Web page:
In the thick of the 2013 election, the idea that city council could pass a bylaw forcing developers to pay the full cost of new infrastructure costs would have been unthinkable. Even more unthinkable would be passing it unanimously and with industry support.
But that's exactly what happened on Monday, with Mayor Naheed Nenshi saying, "I cannot overstate how important this is."
The levies will add $422,073 to $464,777 per hectare to new suburban developments, while in the established neighbourhoods the cost will be anywhere from $6,267 for a single family home to $2,593 per unit in a multi-unit development.
There is also a bonus system built into the levies to encourage density, recognizing the increased tax benefits to the city for denser developments, and infrastructure that will benefit the larger community will see the costs divided between the city and developers.
The city first instituted levies covering 50 per cent of costs in 2011. Prior to that the city absorbed the full cost of new infrastructure.
The issue was also front and centre in the 2013 municipal election, and saw a pitched battle between the mayor and some in the development industry. Nenshi referred to the system as a "sprawl subsidy."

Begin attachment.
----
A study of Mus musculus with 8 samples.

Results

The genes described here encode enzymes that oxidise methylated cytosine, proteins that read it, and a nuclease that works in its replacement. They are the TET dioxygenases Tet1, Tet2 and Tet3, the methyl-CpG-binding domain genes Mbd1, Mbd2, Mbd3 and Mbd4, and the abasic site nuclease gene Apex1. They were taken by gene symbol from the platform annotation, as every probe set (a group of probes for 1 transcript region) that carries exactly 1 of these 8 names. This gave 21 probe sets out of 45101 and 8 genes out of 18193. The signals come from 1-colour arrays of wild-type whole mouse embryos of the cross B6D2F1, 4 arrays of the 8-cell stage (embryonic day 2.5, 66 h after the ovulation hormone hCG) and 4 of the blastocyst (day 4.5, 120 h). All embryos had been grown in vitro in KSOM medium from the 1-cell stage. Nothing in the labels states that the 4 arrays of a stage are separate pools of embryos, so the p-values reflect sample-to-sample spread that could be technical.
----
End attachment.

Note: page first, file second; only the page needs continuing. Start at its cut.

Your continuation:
The mayor recently settled a defamation lawsuit with developer Cal Wenzel stemming from that heated election.
Despite that history, the Urban Development Institute and the Calgary Home Builders' Association both supported the new levies on Monday. Nenshi had clashed with both organizations on this issue in the past.
Transparency was key
Guy Huntingford, speaking for the UDI, said he's confident the two sides can work together to reduce risks and speed up approvals for developments, helping to keep costs down.
Both he and Amie Blanchette with the CHBA praised the process used to develop the bylaw, highlighting transparency as a key factor.
Blanchette said the reason council is seeing the industry stand behind this bylaw, and its related costs, is because of the frank discussions that took place between the two sides.
The city and developers will now get down to solidifying the details of the plan and addressing any lingering concerns.
The fees will come into force in February, 2016.